The times are changing fast, and even traditional recipes must be adapted to the demands of modern eaters.
Before the industrial revolution, people prepared and ate their meals at home. Although there were food vendors even during Roman antiquity, it was family recipes and traditional food that were eaten by people
. There were no fast foods, drive-ins, restaurants, or modern food shops such as today. Back then, meals bring families together around the table. People back then observed standard meal time and often ate their meals at home with their loved ones. All around the world, this was the tradition and, along with it, the preservation of family recipes and traditional cuisine. Drive-ins and their variety of food-on-the-go businesses weren’t popular until the invention of automobiles and during Worl War I. Today, there are more fast food entities than family restaurants. Family recipes are reserved only for special occasions, and the appetite of modern people is changing as well.
The Demands of the Modern Eater
Our daily activities and society largely influence our eating habits and food intake. Before the industrial revolution and the urbanization of most cities, slow food and traditional cuisines feed the farmworkers, merchants, soldiers, and families daily. The industrial revolution changed all that. People began working at factories far from home. They had to pack lunch, foods that could be eaten quickly during their scheduled lunch breaks. As time passed by, the idea of selling fast food or pre-cooked meals flourished, paving the way for hot pies, pre-packaged sandwiches and doughnuts, and other ready-to-eat meals. Family recipes and traditional foods mainly involve complex processes and require time to prepare. The subsequent modernization periods created new types of workers whose work schedules are hectic, and thus the modern eater. Modern people are constantly in a hurry, working 5 to 6 days a week, 8 hours a day. This routine produced a new appetite, where consumption is more important than preparation and nourishment. Hence, family recipes and meals were slowly relegated to weekends and special holidays where the gathering is possible. Modern eaters demand quick to prepare, easy to carry, and comfortable to be eaten foods anywhere, anytime. Since traditional family recipes cannot compete with fast foods, there is a growing concern that family recipes and traditional foods might become just a footnote in the history of human food consumption.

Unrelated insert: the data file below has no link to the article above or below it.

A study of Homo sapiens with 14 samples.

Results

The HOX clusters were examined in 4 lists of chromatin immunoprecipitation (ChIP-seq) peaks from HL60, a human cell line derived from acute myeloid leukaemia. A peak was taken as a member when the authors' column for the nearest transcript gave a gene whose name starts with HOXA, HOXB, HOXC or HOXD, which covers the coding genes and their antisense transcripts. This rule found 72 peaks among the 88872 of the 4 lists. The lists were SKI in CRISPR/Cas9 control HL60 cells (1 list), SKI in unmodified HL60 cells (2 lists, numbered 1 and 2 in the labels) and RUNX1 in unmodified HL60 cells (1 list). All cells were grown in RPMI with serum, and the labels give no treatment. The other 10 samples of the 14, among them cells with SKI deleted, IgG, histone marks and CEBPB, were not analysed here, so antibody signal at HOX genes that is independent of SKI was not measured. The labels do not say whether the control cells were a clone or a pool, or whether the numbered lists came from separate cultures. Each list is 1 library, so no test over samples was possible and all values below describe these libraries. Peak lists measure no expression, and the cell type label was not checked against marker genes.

Old Family Recipes, New Approach
While fast food and other pre-packaged meals are here to stay, there’s been a resurgence in the interest in traditional cuisine and family recipes in many urban cities worldwide. There are many factors why many workers are now changing their diets and seeking home-cooked recipes. One reason is that many are learning more about how fast food operates and prepare their food (remember the expose video about chickens in fast foods?). Nobody wants to devour unhealthy meals constantly. Another reason is the longing for family and home, and sometimes traditional foods and family recipes are the ultimate reminders of good times. Many workers are choosing to cook their meals home, taking their time preparing them. It is also interesting to note that many restaurants now are shifting to family recipes and traditional menus, which is a breath of fresh air from all the burgers, fried chickens, French fries, doughnuts, and sandwiches scattered around the city.
Today, traditional food and beverages are finding their way into homes and restaurants again. And although the times are marching towards even hectic and more urbanized societies, it is comforting to know that people will always find a way to come back home and savoring traditional foods and family recipes. As long as there is family and home, good old traditional food will feed and satisfy even modern appetites.